TWI Industrial Member Report Summary 191/1982
By A A Willoughby
When carrying out defect assessments on elastic-plastic materials it is important to prevent the strain in the remaining ligament ahead of a defect from becoming excessive, otherwise the driving force becomes very high. Failure would then occur at a stress below that predicted by a simple fracture analysis. In practice this is prevented by ensuring that plastic collapse of the net section does not occur. In many practical situations, particularly for thin sections of ductile steels, plastic collapse becomes the criterion governing the allowable defect size.
The plastic collapse analyses incorporated in three defect assessment methods (PD6493, CEGB R6 and the Battelle method for pipes) are examined and compared. PD6493 is found to be more conservative as the defect length becomes small since all defects are treated as being infinitely long, and R6 is more conservative for larger defects under tension loading, owing to the assumption of pin jointing. The Battelle methods are generally the least conservative for pipelines.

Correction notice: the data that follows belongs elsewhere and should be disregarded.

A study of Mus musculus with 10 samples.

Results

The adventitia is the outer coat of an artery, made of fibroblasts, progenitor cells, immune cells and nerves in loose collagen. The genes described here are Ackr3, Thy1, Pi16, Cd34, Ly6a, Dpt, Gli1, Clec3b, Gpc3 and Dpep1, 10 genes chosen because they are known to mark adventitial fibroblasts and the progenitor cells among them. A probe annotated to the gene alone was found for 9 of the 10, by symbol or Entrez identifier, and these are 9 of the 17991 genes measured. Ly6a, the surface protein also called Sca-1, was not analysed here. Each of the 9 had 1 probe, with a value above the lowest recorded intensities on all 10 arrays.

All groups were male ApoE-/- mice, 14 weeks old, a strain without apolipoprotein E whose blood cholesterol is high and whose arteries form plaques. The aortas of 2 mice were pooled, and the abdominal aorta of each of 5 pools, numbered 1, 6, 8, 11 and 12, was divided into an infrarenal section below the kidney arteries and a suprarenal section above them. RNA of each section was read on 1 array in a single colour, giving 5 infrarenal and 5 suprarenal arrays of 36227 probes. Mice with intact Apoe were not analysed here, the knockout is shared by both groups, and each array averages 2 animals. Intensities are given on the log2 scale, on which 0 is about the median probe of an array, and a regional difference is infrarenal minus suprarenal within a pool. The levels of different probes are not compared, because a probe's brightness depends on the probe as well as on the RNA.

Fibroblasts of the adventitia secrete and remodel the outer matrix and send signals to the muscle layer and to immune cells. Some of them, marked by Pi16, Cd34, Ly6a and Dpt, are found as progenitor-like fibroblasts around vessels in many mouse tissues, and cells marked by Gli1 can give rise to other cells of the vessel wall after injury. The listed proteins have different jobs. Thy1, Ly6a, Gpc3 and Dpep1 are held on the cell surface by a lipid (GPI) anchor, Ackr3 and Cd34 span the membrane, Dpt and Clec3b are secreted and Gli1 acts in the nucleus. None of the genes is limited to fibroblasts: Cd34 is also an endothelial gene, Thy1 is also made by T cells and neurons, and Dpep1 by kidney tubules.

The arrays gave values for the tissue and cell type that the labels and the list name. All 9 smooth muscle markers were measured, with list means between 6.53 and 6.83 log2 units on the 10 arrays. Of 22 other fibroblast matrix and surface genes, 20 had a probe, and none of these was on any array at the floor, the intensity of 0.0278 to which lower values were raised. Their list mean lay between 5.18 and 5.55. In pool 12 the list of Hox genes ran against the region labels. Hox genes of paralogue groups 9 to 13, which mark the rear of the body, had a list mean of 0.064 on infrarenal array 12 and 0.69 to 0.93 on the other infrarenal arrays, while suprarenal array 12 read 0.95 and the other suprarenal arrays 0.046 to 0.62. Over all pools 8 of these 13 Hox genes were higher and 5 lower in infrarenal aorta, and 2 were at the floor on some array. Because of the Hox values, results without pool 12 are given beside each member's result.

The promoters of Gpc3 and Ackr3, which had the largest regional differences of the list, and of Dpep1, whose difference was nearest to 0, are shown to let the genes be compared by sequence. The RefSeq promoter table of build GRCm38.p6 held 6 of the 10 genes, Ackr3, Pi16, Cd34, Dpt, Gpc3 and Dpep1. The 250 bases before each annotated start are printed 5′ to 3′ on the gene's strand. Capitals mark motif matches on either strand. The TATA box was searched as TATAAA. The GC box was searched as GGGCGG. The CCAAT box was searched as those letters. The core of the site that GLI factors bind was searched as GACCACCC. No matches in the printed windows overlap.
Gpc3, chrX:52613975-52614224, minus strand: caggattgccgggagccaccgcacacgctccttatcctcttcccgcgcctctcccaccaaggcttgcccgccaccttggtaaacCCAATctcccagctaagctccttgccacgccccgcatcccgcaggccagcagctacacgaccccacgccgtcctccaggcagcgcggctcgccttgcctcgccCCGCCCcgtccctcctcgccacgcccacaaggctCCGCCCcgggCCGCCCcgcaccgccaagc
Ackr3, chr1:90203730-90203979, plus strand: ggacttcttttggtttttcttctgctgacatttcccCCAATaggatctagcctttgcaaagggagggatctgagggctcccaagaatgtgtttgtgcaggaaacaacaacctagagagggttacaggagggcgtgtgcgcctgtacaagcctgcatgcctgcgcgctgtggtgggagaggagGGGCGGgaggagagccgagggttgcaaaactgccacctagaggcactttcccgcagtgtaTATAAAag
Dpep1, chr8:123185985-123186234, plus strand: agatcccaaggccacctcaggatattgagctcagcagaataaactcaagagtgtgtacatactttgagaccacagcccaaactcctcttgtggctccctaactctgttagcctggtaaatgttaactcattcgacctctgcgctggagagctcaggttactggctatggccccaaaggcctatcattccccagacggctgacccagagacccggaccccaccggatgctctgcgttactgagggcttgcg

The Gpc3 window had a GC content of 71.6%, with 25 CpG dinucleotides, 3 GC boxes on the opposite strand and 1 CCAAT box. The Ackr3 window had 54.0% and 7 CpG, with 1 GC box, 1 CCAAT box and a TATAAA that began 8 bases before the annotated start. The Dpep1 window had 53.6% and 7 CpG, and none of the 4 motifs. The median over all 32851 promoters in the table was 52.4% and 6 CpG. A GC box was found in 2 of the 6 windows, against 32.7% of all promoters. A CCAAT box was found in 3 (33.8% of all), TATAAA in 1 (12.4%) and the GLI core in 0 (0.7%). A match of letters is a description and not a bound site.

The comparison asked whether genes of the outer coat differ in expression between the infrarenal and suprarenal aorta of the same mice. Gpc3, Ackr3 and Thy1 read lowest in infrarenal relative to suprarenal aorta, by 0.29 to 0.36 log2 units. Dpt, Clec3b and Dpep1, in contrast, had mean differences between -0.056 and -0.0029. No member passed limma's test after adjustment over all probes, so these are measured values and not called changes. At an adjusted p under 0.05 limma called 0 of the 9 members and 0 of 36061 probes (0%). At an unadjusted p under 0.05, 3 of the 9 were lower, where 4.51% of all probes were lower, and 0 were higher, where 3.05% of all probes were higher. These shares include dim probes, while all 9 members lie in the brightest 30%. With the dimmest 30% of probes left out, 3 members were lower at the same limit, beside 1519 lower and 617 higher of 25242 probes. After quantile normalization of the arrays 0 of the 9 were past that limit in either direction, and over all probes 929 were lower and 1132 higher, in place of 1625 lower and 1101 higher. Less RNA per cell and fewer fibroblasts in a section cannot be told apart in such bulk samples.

Comparison of the various analyses with experimental data indicates that corrections can readily be made to PD6493 to allow for defects that are not infinitely long, that in many cases the assumption of pin jointing in R6 is unduly conservative (especially for embedded defects), and that the Battelle methods should be regarded as critical, rather than safe, analyses.
Improved methods of assessment for a number of specific defect geometries are proposed.